A memo to CEOs distraught over soaring insurance costs: Do you want to shave those costs, without incurring the wrath of employees?
Call in the Health Police, the guardians of today's personal responsibility era. In this era, we all look out for #1. Befitting the mantra of you-are-responsible-for-yourself-and-nobody else, make people who do a poor job of looking out for themselves pay higher premiums.
Smoking, drinking, gorging on fat-laden food, driving without seat belts, frolicking without condoms. All are risk factors for some malady that will cost a fortune to treat. And all are conscious acts: Participants know what they are doing. They know the risks.
Make those risks subject to higher premiums. Start with smoking. The Associated Press (Feb. 17) reports that Meijer Inc., Gannett Co., American Financial Group Inc., PepsiCo Inc. and Northwest Airlines have gone, or are going, this route. Those corporations are adding up to $50 a month to smokers' premiums.
Don't stop with smoking.
Send in the health police to sniff out other unhealthy behaviors. Heavy drinking, for instance, might signal alcoholism, which can lead to cirrhosis, migraines and poor driving (which in turn can lead to accidents). You will do society a favor by identifying heavy drinkers -- and you'll save by making potential inebriates pay up. At office parties, station an undercover informant to take notes.
The police won't need to take notes on eating. Weigh employees to identify the fatties -- and charge accordingly. Maybe a 5% surcharge for every 5 points over the ideal body mass index.
If you have a company parking lot, station a health police officer at the entrance to tag the drivers who don't wear seat belts. Tack a premium-surcharge onto their next paycheck. If anybody drives a motorcycle, double their premiums. Bicycles are trickier. On the one hand, bicyclists are getting aerobic exercise. On the other hand, bicyclists are vulnerable to accidents. Give them a pass.
Profligate, unprotected sex -- the kind that leads not just to venereal diseases, but to unexpected pregnancies -- is trickier to discern. Presumably lots of your employees are having sex, but you need to identify who is having risky sex. The health police will have to snoop -- tapping into the office grapevine, scouring workers' home mailboxes, maybe tapping a few phone and email lines.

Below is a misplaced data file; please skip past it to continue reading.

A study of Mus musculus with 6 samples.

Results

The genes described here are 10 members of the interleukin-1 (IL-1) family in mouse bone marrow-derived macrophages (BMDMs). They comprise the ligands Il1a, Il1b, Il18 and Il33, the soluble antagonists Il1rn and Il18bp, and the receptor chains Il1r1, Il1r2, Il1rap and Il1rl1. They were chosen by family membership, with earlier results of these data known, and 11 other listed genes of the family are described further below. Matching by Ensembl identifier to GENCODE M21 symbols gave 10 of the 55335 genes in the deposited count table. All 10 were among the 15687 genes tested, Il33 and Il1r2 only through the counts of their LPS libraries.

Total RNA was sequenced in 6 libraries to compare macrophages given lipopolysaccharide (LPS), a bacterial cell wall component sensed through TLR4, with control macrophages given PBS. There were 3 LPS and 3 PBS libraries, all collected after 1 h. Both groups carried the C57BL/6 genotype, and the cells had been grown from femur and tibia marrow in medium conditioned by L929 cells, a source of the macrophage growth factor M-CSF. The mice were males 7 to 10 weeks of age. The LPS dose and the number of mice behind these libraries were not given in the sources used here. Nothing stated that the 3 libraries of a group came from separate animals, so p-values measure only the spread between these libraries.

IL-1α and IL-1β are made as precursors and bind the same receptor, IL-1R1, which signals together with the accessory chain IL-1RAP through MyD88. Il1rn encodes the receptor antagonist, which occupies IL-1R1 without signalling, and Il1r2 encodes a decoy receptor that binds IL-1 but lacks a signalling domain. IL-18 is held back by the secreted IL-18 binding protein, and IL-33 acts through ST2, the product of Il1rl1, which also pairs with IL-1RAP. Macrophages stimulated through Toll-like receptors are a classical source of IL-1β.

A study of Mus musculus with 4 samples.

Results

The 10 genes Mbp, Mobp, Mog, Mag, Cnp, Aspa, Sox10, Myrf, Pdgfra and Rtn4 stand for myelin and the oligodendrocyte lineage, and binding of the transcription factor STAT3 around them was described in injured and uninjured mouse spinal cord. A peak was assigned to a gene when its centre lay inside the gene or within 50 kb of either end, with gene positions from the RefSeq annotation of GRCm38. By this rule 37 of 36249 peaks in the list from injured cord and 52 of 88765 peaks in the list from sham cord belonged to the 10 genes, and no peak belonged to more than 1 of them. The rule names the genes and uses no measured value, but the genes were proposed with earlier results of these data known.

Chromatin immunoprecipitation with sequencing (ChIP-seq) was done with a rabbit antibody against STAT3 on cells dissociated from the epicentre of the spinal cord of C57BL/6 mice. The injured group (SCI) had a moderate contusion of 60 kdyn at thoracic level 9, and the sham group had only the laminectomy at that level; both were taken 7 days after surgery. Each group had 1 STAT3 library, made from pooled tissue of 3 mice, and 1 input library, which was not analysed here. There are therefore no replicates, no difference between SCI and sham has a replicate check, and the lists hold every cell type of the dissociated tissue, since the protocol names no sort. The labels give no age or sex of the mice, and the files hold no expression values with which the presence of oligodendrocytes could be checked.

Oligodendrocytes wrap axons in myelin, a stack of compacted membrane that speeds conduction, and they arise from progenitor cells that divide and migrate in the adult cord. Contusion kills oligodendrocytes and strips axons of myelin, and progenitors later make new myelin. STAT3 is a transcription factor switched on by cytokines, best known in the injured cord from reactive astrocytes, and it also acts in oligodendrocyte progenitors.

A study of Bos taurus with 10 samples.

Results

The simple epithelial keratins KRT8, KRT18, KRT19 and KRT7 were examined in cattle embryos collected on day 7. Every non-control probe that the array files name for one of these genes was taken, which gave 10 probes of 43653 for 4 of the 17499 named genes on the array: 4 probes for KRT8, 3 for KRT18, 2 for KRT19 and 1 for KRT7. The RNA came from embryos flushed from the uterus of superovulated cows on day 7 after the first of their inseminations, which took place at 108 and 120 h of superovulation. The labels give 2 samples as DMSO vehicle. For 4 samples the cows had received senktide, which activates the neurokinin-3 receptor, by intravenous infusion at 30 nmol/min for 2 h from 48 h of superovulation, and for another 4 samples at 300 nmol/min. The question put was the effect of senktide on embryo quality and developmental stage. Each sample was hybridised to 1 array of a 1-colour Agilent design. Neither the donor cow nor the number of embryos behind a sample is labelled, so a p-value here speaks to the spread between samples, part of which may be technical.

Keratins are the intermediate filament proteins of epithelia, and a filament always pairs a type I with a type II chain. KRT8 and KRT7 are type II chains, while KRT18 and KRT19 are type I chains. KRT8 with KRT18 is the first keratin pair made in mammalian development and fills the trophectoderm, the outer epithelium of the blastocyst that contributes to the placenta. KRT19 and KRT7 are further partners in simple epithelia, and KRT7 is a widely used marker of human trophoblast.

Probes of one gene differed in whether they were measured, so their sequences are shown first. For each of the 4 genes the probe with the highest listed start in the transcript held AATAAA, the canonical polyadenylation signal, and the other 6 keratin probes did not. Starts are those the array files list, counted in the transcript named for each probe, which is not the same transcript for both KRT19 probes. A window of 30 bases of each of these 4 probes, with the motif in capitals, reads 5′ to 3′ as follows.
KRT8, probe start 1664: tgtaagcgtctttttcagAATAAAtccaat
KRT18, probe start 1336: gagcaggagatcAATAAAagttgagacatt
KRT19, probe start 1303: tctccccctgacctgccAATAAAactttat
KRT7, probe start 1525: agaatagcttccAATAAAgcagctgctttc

Overall, the health police will be costly. Surveillance generally is. But if you net higher premiums from workers, the expense will be worth it.
If anybody objects -- and some malcontent not clued into the era of personal responsibility will make a fuss -- point out that you are encouraging healthy behavior. Re-label the surcharge an incentive. You want the employee to stop the smoking, the drinking, the doughnuts. You want him/her to buckle up, sell the motorcycle and embrace monogamy. This retort will deter criticism. You are not cheap, but compassionate. You want healthier employees.
You know this retort is flawed: If the prospect of heart disease, diabetes, AIDS, disability and cancer doesn't propel people to change their behaviors, the prospect of a premium surcharge won't. You, as well as legions of public researchers, know that. More likely, the result will be that those risk-laden employees will be hard-pressed to pay the surcharge/incentive. And some will drop insurance.
But if enough unhealthy, or potentially unhealthy, employees drop insurance, you come out ahead. Count up the people who opt out. Even some of your executives might be too risk-laden to afford the surcharges. If a sizeable chunk of your workforce drops out, you end up with a healthier insurance pool. That's another reason to call in the health police.
With luck, you may end up able to drop insurance entirely.
Consider the president's proposed gift to American business: health savings accounts. These accounts would let employees buy catastrophic policies, setting aside tax-free dollars to pay for non-catastrophic expenses. Only healthy, wealthy employees would take this tack. Lured by the tax benefits of a health savings account, some of your healthy, wealthy employees will also opt out.
If enough employees -- healthy and non-healthy -- opt out, your pool will have shrunk to the point where you can drop insurance.
Once you drop insurance, you can disband the health police.
Joan Retsinas is a sociologist who writes about health care in Providence, R.I. Email firstname.lastname@example.org.